Security issues

Belarusian Regime Expands Artillery Ammunition Production amid Concerns of Russian Nuclear Deployment

The situation got worse
Belarusian Regime Expands Artillery Ammunition Production amid Concerns of Russian Nuclear Deployment

The Belarusian regime has plans to produce artillery ammunition to assuage the “shell hunger” of the Russian army due to the intensive use of artillery in the war in Ukraine. Lukashenka declares that a full-scale military invasion of Belarus is a “red line” and justifies the deployment of Russian nuclear weapons by the need to deter aggression against Belarus. Atomic weapons will be dispersed throughout the country, under joint guard. Any decision regarding use will allegedly be made by Minsk and the Kremlin jointly. The West still perceives this as rhetoric rather than preparation for nuclear escalation.

Lukashenka inspected the Precision Electromechanics Plant (Zavod tochnoi elektromehaniki) and chaired a meeting to discuss ammunition production. He also visited one of the production facilities of BSVT – New Technologies LLC.

In February, Lukashenka stated that Belarus was successfully developing modern weapons and mastering rockets and large-calibre artillery ammunition technologies.

At the end of last year, reacting to Russian shell shortages, the Belarusian authorities announced plans to commence the production of artillery shells and multiple rocket launchers (MLRS):

  • First, to establish production of components, and then switch to full production of ammunition in 152-mm and 122-mm calibres.
  • Second, to arrange the assembly of 122-mm, 220-mm and 300-mm rockets from imported components.

Lukashenka also ordered mass production of the largest Grad MLRS rocket (122 mm). He stated that the “Shkval” multiple launch rocket systems (modernised Soviet Grad systems on a Russian chassis, recently adopted in Belarus) are now in demand and solve “big problems at the front”, creating demand for ammunition. Shell production will soon reach full capacity, as Lukashenka demands production of up to 15 thousand rounds with an initial delivery of 10-12 thousand. More than 20 enterprises are involved in the supply chain, some private and some attached to the Ministry of Industry and the State Committee for Military Industry.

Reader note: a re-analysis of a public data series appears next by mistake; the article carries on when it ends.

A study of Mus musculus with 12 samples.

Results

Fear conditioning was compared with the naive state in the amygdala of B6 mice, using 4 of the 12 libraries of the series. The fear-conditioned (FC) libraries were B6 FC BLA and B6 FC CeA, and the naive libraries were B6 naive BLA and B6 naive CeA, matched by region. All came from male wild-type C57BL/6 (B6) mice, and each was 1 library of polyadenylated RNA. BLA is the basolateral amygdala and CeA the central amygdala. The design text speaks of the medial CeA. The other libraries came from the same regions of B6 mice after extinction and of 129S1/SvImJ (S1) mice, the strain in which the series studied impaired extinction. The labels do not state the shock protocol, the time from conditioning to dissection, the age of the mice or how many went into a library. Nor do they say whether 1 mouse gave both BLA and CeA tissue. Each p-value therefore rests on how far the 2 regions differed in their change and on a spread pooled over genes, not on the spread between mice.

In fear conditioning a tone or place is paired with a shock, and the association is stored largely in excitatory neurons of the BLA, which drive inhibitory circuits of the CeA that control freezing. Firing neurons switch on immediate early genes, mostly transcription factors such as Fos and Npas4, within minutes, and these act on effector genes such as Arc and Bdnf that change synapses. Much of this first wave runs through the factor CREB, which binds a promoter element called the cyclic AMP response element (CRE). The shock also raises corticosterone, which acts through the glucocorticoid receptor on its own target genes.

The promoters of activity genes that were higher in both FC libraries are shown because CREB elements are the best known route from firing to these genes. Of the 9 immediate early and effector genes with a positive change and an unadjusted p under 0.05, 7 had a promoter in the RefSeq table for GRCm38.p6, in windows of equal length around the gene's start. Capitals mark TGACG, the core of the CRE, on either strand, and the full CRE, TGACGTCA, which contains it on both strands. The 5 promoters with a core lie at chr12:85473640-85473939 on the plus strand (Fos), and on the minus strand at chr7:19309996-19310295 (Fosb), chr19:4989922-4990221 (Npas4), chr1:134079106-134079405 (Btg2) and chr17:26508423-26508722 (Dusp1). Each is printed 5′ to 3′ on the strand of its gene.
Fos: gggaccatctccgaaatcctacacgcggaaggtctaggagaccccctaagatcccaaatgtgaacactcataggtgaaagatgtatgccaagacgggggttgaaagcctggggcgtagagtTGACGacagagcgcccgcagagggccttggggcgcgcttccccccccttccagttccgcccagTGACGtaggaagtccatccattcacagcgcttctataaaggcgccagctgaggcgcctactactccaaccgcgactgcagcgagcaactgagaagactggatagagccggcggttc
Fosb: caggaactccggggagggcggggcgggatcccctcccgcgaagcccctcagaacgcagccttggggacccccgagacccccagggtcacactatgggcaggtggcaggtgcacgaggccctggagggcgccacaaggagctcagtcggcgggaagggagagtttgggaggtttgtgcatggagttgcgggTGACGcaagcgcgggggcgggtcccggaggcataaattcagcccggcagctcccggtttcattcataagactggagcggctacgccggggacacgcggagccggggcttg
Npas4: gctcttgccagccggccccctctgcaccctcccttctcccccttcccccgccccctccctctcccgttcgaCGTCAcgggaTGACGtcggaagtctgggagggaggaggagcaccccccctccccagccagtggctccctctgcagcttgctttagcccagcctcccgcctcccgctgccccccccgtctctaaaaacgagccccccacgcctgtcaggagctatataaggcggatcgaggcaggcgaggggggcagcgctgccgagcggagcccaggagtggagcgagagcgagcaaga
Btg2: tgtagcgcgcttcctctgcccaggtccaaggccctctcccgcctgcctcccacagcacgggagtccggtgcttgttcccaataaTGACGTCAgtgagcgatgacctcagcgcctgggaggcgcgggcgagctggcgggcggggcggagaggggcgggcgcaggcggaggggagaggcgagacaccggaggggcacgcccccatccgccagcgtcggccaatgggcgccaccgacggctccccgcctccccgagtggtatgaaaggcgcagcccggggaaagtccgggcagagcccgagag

Lukashenka insists that deploying Russian nuclear weapons in Belarus is his decision and that Russia underpins the country’s security guarantees: “Hardly anyone will want to fight with a country that has such weapons – this is a weapon of deterrence.” However, he does not rule out using such weapons if “red lines” are crossed, by which he means a full-scale military invasion of Belarus rather than acts of sabotage such as that at Machulishchy airfield.

Lukashenka will decide on usage in agreement with Putin and in some situations without him. Belarus will receive nuclear missiles and bombs from Russia three times more powerful than those used against Hiroshima and Nagasaki. Nuclear weapons will be dispersed throughout the country, and Belarusians and Russians will jointly provide security.

Meanwhile, the United States has not yet detected the movement of nuclear weapons to Belarus. Washington regards these statements as “extremely irresponsible” rhetoric, and NATO has seen preparations for the movement of nuclear weapons, but the situation does not yet require changes to the nuclear posture of the alliance.

Western military analysts consider it unlikely that the transfer of nuclear weapons to Belarus signals Russian escalation. Instead, it is a part of the Kremlin’s long-standing efforts to consolidate Russian de facto military control over Belarus.